High school students from four Ohio electric cooperative territories received the rare opportunity to tour Cardinal Plant, considered one of the world’s cleanest power-producing coal plants in the world. Cardinal Plant will soon be only one of four coal plants still operating in the state due to overreaching EPA regulations that have forced many coal plants into early retirement—putting electricity reliability at risk for the first time in Ohio.
A total of 127 students from the Ohio cooperatives took part in the half day long tour. Participating were Findlay High School and Millstream Career Center (Hancock-Wood Electric Cooperative); Fairbanks High School (Union Rural Electric URE); Sheridan High School (South Central Power); New London High School (Firelands Electric Cooperative).
“It’s important to show students there are a lot of career opportunities in the cooperative world,” said Coty Lee, Safety & Health Supervisor, Cardinal Plant. Some opportunities can be pursued right out of high school, and some after college—in engineering, finance, IT, communications, human resources, line work, customer service.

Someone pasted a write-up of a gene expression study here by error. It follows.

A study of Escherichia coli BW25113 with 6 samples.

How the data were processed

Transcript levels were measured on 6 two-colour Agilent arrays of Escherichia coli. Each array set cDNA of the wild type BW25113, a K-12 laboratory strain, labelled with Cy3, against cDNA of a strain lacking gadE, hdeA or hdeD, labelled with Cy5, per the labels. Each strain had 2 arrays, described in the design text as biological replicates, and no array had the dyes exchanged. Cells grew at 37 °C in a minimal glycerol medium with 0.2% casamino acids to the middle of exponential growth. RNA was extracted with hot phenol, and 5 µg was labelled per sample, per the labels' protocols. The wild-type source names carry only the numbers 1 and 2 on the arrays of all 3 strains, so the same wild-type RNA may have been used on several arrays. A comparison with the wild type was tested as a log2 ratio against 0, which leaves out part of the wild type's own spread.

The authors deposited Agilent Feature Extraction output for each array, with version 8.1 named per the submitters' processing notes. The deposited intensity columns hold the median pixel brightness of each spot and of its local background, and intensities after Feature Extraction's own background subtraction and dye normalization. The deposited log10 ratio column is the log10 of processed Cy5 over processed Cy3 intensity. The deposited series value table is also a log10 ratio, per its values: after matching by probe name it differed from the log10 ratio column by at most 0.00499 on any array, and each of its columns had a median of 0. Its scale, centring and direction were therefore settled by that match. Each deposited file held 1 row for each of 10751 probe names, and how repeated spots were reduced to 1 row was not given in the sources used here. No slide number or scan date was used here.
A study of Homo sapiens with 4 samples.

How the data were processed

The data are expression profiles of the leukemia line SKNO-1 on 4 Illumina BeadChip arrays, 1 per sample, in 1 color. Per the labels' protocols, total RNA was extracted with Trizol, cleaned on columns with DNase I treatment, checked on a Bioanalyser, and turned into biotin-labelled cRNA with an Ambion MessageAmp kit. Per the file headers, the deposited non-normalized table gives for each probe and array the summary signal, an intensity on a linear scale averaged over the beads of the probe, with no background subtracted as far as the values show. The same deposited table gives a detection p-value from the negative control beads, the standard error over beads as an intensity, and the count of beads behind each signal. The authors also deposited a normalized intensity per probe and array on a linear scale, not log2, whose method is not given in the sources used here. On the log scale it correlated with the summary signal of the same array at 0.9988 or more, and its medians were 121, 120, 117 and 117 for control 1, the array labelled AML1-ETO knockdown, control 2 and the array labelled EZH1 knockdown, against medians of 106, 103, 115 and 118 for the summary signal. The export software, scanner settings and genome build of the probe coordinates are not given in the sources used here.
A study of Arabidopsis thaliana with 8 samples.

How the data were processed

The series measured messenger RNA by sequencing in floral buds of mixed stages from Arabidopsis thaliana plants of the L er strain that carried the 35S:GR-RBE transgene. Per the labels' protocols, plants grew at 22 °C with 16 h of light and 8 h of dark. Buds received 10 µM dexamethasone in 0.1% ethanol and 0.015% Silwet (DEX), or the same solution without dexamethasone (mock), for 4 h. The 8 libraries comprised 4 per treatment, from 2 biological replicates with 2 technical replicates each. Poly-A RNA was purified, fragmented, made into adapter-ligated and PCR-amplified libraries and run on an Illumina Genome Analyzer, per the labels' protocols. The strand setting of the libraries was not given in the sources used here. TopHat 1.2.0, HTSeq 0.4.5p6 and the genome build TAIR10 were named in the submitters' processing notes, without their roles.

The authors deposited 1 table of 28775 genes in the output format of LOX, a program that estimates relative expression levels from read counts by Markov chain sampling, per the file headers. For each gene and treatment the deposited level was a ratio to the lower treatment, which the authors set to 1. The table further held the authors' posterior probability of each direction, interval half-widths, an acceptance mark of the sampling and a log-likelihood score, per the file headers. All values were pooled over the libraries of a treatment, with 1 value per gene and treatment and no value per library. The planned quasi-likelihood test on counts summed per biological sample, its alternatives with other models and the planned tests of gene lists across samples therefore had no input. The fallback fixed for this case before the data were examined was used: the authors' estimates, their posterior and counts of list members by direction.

The students were first shown a video to better understand the history of how not-for-profit electric cooperatives formed in Ohio in 1935 under the Rural Electrification Act. The purpose was to bring electricity outside the cities, and into the rural agricultural areas of Ohio. They also learned how the cooperative’s Buckeye Power, which owns Cardinal Plant, believes in an all-of-the-above approach to power generation—including coal, natural gas, solar, wind, hydropower, and biofuels. Coal is the baseload source of power generation because it is reliable and available, 24/7, 365 days a year.
The students were given a guided walking tour inside the plant that produces 1800MW of power—enough to light 200-million LED lightbulbs. They saw firsthand how electricity is made from beginning to end. And how even the waste material left over, called fly ash, is sold, and used in the manufacturing of concrete products.
“Society pushes the narrative on young kids that coal is bad. It’s nice to have them on site so they can see a coal plant for themselves. When I was in college, all you would hear is move away from coal at all costs. You would never hear about all the jobs it offers, or the benefit of the sustainability and reliability of power generation behind it,” said Corey Seneff, IT Systems Analyst II.